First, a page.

An Inspirational Approach to Healing
Yoga is an ancient eight-fold physical, mental and spiritual system. It consists of yamas and niyamas (ethical codes of conduct), asanas (steady poses), pranayama (breathing exercises), pratyahara (withdrawal from the senses), dharana (concentration) and dhyana (meditation), leading to samadhi (the superconscious state, bliss, or deep peace).
The primary aim of yoga is moksha, or liberation. Yoga can lead practitioners to experience true inner freedom, peace and harmony within ourselves and with all that exists: other people, but also with the animals and plants, the ground that they walk on and the very air they breathe.
Unity in Yoga
Yoga is derived from the Sanskrit word “yug,” which means “to create union.” The primary union in yoga is the union that exists between spirit and matter. It’s believed that the link between the body, mind and spirit is the breath.
The breath is the spirit that sustains life, as in “the holy Spirit” of Christianity. Yoga, though having roots in Hinduism, is in itself not a religion. The regular practice of yoga, can, however, deepen religious faith and help one progress along a spiritual or religious path. Yoga is an expression of the fundamental unity of life. The practice leads to a place inside of the self that is free from worry, fear, anxiety and ordinary worldly concerns.
A Spiritual Practice of Yoga
Yoga is not just a physical practice of asanas and pranayamas. Rather, these yoga practices equip a person with a heightened awareness that enables him to celebrate a common essence that pervades all human activities.
Even mundane activities like cooking or brushing your teeth can be transformed into an offering, or form of worship, to any form of God that the yoga practitioner may acknowledge. What transforms actions from mundane to spiritual is the bhakti, or devotion with which you can surrender the fruits of your actions to a higher power that exists everywhere and in everyone.
Self-Mastery in Yoga
In addition to Patanjali’s Yoga Sutras (an ancient treatise containing sutras, or short aphorisms about the practice of yoga), the Bhagavad Gita is a key text of the yoga practice. Bhagavad Gita translates as “the song of the Lord.” It is one of India’s most ancient spiritual books.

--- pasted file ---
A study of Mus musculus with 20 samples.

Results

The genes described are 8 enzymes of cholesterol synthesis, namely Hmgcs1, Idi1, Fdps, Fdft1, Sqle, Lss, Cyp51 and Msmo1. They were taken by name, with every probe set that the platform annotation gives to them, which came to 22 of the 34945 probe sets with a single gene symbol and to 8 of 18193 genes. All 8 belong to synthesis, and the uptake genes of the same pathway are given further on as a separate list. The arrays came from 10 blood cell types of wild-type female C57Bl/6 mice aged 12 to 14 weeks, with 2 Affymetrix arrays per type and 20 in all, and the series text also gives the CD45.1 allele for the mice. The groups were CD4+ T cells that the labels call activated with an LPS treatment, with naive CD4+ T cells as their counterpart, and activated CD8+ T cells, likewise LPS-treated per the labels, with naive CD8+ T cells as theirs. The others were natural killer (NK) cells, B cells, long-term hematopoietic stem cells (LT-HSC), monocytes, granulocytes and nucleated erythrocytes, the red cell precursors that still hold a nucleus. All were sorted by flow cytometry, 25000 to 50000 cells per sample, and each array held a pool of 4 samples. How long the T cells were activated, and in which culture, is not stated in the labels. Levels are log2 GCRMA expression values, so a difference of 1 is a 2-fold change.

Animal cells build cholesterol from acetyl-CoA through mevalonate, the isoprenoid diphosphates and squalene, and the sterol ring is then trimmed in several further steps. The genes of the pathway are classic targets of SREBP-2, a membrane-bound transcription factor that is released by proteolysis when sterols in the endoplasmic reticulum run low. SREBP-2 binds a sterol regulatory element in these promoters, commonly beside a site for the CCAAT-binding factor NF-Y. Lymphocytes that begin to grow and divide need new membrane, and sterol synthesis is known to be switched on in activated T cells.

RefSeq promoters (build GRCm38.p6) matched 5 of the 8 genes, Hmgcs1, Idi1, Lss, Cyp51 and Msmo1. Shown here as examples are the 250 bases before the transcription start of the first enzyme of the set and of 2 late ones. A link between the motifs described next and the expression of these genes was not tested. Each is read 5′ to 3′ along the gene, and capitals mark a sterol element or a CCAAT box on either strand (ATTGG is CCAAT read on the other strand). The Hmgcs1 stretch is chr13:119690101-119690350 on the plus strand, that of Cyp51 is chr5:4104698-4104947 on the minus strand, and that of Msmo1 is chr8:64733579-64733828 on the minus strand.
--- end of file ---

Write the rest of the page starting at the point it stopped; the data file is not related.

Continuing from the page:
On the surface, the Gita is a dialogue between the warrior Arjuna (who represents every person) and Krishna (who represents God) at the dawn of Indian history. The location for the conversation is a battlefield where Arjuna despairs, seeking from Krishna answers to the meaning of life.
The deeper meaning of the Gita is that it contains lessons about the war within and the struggle for self-mastery required to live a meaningful life. In chapter six of Eknath Easwaran’s version of the Bhagavad Gita, Krishna summarizes what it truly means to be a yoga master:
“The infinite joy of touching Brahman is easily attained by those who are free from the burden of evil and established within themselves. They see the Self in every creature and all creation in the Self. With consciousness unified through meditation, they see everything with an equal eye.
“I am ever present to those who have realized me in every creature. Seeing all life as my manifestation, they are never separated from me. They worship me in the hearts of all, and all their actions proceed from me. Wherever they may live, they abide in me.
When a person responds to the joys and sorrows of others as if they were his own, he has attained the highest state of spiritual union.”
Providing practitioners with numerous tools and insights for spiritual healing and growth, yoga practice can provide one with much more than mere physical exercise.